Ron Guth on Coins
Ron Guth covers current numismatics events, including shows and auction sales.
How many of you have heard the term Notgeld? What does Notgeld mean? The word looks like a combination of NOT and GELD and you might be inclined to think that Notgeld means Not MONEY. In actuality, Not in German means Emergency. Thus, Notgeld means emergency money and that’s exactly what porcelain coins are. Other forms of German Notgeld include paper money and zinc and iron tokens. However, porcelain is a very unusual medium for a coinage and its pretty much unique to Germany.
So, why porcelain? To find the answer to that you have to look at the history of porcelain itself. Prior to the 1700’s, all of the world’s porcelain came from China. When Chinese porcelain first came to Europe, the people were awestruck by how delicate and beautiful it was, and every effort was made to copy it without much success. To make a long story short. A young man named Johann Boettger figured out a process and set up a factory in Meissen Germany, a factory which continues to produce fine porcelain even today. Porcelain collectors outside of numismatics are very familiar with Meissen porcelain and revere it for its high quality. Meissen was perfectly situated to capitalize on the need for emergency money. They had plenty of manufacturing capacity, centuries of experience, and the low cost of raw materials allowed for mass production.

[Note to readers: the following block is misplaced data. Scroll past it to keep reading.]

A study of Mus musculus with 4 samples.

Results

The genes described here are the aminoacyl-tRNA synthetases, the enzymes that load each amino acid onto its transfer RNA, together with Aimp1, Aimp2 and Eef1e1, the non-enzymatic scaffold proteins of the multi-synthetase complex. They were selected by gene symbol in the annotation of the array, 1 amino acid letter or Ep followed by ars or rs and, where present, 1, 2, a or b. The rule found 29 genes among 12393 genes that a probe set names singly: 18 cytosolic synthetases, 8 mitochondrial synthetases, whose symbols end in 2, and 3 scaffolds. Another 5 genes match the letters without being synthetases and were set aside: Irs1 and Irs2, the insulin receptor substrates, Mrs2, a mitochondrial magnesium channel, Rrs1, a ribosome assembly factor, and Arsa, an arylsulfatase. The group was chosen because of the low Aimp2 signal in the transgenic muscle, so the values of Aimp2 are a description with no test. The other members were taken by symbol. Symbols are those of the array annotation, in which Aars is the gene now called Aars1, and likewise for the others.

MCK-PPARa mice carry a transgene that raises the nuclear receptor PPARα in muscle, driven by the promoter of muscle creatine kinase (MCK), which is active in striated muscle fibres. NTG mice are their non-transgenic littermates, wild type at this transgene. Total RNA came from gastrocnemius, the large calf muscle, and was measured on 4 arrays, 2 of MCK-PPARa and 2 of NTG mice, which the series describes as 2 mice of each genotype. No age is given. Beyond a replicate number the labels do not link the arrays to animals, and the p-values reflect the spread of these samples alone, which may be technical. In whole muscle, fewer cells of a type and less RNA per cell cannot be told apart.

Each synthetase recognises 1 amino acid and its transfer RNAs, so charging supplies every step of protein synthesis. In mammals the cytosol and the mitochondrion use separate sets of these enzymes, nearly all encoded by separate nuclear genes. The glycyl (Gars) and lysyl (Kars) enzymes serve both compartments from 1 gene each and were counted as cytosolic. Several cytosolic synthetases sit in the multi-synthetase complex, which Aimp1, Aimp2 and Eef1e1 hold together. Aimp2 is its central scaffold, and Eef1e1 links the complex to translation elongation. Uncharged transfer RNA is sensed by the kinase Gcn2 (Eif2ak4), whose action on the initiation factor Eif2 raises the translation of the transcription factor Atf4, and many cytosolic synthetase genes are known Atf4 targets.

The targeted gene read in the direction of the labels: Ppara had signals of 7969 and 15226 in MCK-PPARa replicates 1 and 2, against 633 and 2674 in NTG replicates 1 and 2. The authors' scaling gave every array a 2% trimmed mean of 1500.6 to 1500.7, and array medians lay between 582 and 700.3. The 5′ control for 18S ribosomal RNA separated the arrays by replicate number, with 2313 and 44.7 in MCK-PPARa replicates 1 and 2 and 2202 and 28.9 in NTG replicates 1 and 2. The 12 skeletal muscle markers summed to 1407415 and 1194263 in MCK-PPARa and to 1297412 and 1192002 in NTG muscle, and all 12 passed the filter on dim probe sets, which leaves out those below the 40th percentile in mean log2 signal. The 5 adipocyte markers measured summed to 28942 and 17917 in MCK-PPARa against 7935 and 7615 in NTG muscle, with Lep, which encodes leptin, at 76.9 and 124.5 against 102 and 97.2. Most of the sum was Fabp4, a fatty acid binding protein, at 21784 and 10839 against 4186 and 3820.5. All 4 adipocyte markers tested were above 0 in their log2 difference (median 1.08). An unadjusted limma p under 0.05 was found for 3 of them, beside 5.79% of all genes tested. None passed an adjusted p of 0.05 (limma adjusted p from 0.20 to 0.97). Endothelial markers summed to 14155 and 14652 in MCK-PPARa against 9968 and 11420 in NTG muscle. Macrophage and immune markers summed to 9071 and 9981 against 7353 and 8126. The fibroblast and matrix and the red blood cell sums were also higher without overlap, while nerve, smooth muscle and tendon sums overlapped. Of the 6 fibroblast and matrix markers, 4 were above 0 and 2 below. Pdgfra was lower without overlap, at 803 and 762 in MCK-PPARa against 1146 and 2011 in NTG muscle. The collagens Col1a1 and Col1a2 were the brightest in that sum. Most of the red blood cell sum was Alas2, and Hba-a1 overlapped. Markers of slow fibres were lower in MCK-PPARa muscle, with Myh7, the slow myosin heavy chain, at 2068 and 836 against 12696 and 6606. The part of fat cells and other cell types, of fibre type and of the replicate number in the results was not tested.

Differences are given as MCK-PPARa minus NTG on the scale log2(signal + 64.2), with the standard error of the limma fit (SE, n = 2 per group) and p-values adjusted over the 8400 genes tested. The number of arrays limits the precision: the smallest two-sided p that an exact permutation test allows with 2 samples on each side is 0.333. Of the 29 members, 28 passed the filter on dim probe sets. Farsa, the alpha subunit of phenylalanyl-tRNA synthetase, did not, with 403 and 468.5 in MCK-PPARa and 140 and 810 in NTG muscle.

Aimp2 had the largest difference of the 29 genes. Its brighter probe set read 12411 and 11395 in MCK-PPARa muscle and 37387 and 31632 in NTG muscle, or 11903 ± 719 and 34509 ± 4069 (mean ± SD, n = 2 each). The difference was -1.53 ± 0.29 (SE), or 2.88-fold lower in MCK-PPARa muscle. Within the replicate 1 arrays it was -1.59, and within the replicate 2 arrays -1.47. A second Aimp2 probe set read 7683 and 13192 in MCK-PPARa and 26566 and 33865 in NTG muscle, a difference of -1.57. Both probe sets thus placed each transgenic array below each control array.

The vast majority of German porcelain coins were made at the Meissen porcelain factory and they all bear the famous Meissen crossed swords hallmark. There are a very few porcelain coins from other manufacturers, but they are generally cruder in design. Porcelain coins were made for cities and municipalities throughout Germany, just as were the paper and metal notgeld. It is unclear whether Meissen had salesmen going from city to city promoting porcelain coins or if the cities went to Meissen, but either way, it seems that everyone got in on the action. In later years, the coins did not bear a denomination, so they are considered medals or tokens.
Prior to 1966, a fellow named Karl Scheuch began recording all of the different types and varieties of German porcelain coins. He published six volumes covering the monetary issues. Beginning in 1978, Karl Scheuch identified 2,340 different issues. Adding the afore-mentioned varieties nearly doubles the number of collectible examples, making this both a challenging and enjoyable area of numismatics. Fortunately for collectors today, prices remain low. Most of the common varieties are priced from $10-$25 each. Even the rarest varieties (those with mintages of 200 or less) can be purchased for under $100 each.
In recent years, PCGS began grading German porcelain coins and the prices for such pieces have begun to rise. My hope is that PCGS will form Registry Sets for these coins, resulting in increased visibility.
Recommended reading (the following book is out-of-print, so you’ll have to search for a copy online):
“Muenzen aus Porzellan und Ton” by Karl Scheuch
This book is required for the proper identification of porcelain coins. It is written in German, but even non-German speaking collectors will find it easy to use.